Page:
2. I'm not sure about ETFs - I think China currently has relatively inefficient indices, so you're arguably better off going Active. There are some interesting boutiques (most that I know are non-US), but JP Morgan have a solid team - their China fund is a bit like a Growth ETF (i.e. not that concentrated) but most holdings are decent quality. I see it as a decent high-ish beta play. Baillie Gifford have, I think, a new-ish mutual fund in China A-Shares which looks really interesting - concentrated portfolio. They are a Growth house, just set up an office in Shanghai, & while I sometimes disagree with their thinking, overall they're a pretty decent firm.
  3. One obvious side point is that those of us who remember it were a lot younger then... There are some things e.g. Crypto that remind me of the time i.e. people having crazy paper profits in a very short time. But Crypto is still relatively niche. Back then there was a whole sector of the stockmarket where day traders could make crypto profits with tech companies, and the feeling that anybody could do it. Even with the SaaS froth last year, it didn't feel like loads of ordinary people were doing it. And as mentioned, there was the valuation disparity which isn't apparent now. I was young and got a valuable lesson, buying 2 stocks tipped separately by a Financial newspaper in 1999. One was a small-cap, racy tech stock. The other was a very cheap, high-yielding large-cap utility... But as people have said above, nobody really knows in advance - you just can't time these things. That's what makes it interesting.
  4. Wotcha Been interested by your recent posts on MOTR and IPCO - thanks, I must look at these more. I'm a relatively rare UK person on this board, & pre-COVID would sometimes be in CH. Fear I can't meet for a drink, but just wanted to say hello as a fellow Brit nerd! I'm not really smart enough to analyse stocks, but do in-depth research on (mainly boutique) funds all over the world & know a little about a lot of companies. I also have long-held appreciation of Brown Bottle, Sid, Sandra & Tray etc! Cheers
  5. To start with, I'm incredibly grateful to this board, especially Gregmal & Pupil, for providing amazing info about small-cap RE opportunities. I want to learn more, and wondered if there were any good funds etc to learn from (or even decent concentrated portfolios to get ideas from). e.g. I'm quite fascinated by things like STORE i.e. the great CEO letters and the BRK stake. The only one I can think of so far is Rhizome, which is a small indy operation that has some CoBF friendly cos. Otherwise I'm stuck. In the UK, we have TRY - a LSE-listed closed-end fund, which has outstanding, long manager commentaries in the Annual Reports. I recommend this if you want to learn about Euro & UK RE. It's a big fund now, so has to restrict it's small-cap exposure - but does discuss them - he calls this section the... REIT Petites. Thanks in advance. I don't know why the UK doesn't have any decent US RE funds of its own - a real gap in the market.
  6. Yep, I got this from a Commodity fund letter (underlining is mine): We have explored ETF alternatives such as KRBN, which provide exposure to various carbon markets but are not comfortable with the structure’s shortcomings.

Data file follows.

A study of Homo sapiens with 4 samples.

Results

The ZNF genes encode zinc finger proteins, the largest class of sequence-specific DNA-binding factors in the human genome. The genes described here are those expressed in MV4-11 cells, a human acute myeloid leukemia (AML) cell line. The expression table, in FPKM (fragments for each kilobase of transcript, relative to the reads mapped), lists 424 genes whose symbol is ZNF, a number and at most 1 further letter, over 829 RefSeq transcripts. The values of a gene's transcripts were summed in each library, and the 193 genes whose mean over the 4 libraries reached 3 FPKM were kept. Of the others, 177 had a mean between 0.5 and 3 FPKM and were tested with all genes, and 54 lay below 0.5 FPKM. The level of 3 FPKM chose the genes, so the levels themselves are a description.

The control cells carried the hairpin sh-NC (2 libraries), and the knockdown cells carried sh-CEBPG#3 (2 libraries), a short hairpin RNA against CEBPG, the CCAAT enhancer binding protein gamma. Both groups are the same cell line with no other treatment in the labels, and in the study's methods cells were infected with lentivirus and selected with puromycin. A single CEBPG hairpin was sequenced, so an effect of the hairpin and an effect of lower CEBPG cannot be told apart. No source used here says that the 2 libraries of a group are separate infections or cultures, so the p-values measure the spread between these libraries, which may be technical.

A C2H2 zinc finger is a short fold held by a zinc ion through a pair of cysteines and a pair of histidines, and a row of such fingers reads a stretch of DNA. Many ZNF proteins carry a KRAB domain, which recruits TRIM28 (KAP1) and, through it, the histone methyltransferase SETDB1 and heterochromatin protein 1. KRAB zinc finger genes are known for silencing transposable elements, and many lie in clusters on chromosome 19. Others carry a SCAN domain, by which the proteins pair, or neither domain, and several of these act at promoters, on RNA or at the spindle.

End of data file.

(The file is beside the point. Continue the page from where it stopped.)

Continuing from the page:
7. Congrats, Greg, this was on my list of RE to check, courtesy of your good self - I've got to speed up!
  8. Paging Liberty... he's been talking about Obsidian on his newsletter. I've downloaded it but not got round to trying it out yet. But thanks for highlighting this - I really need to update my work methods, and you've put some good ideas for me.
  9. +1. I have a bit of cash, and REITs seem to be the place where valuations seem more reasonable than most other things. I'm looking more at Europe as I know the market better, though I'm increasingly fascinated reading about STORE, as the culture seems so impressive. I'm also looking for inflation-linked long lease stuff, as I've thrown in the towel on TIP$ for now, CPI doesn't seem the best way to play things (thanks to Horizon Kinetics for inflation-related thinking).
  10. Lots of good answers here. Personally I think I'd start with Terry Smith's Fundsmith Annual Letters, and the Fundsmith Owners Manual (on their website). They are very no-BS and straightforward. The Buffett annual letters are also great, but if I'd read them a bit later on, I think I'd have picked up more of the nuance on top. Lindsell Train also have a ton of simple-but-wise papers on their website. And Chuck Akre. I think people like this are good places to start as they have some of the simplest (& best) strategies to start with i.e. 1: buy high quality companies 2: do nothing. But they expand a bit more... Then various classic books, as discussed. Fit them in, but don't get over-obsessed by reading everything. I think it's worth reading a book on the History of Bubbles - the classics include ones by Edward Chancellor and Galbraith. And... just invest a bit. There's no better way to learn than just doing it - a 'model portfolio' isn't the same in terms of the important psychological emotions you need to learn (& learn how much you can control your emotions in the face of adversity/opportunity).
  11. There was the most amazing twitterstorm (since deleted) from him shortly after publication. I wonder if he celebrated a bit too much...
  12. I mean, you really can't make this stuff up anymore...
  13. One thing I find is that there are too many posts per page for me - I don't like keeping on scrolling down (on a laptop - it's probably better on a phone). It feels like there's a lot more spacing - I preferred the compactness of the old site for reading. I know that the new site is a lot more customisable - unfortunately I'm too old & lazy to get round to doing this, which I accept is my issue. I say all this reluctantly, knowing how much effort's been put in, but I feel it's best to be honest.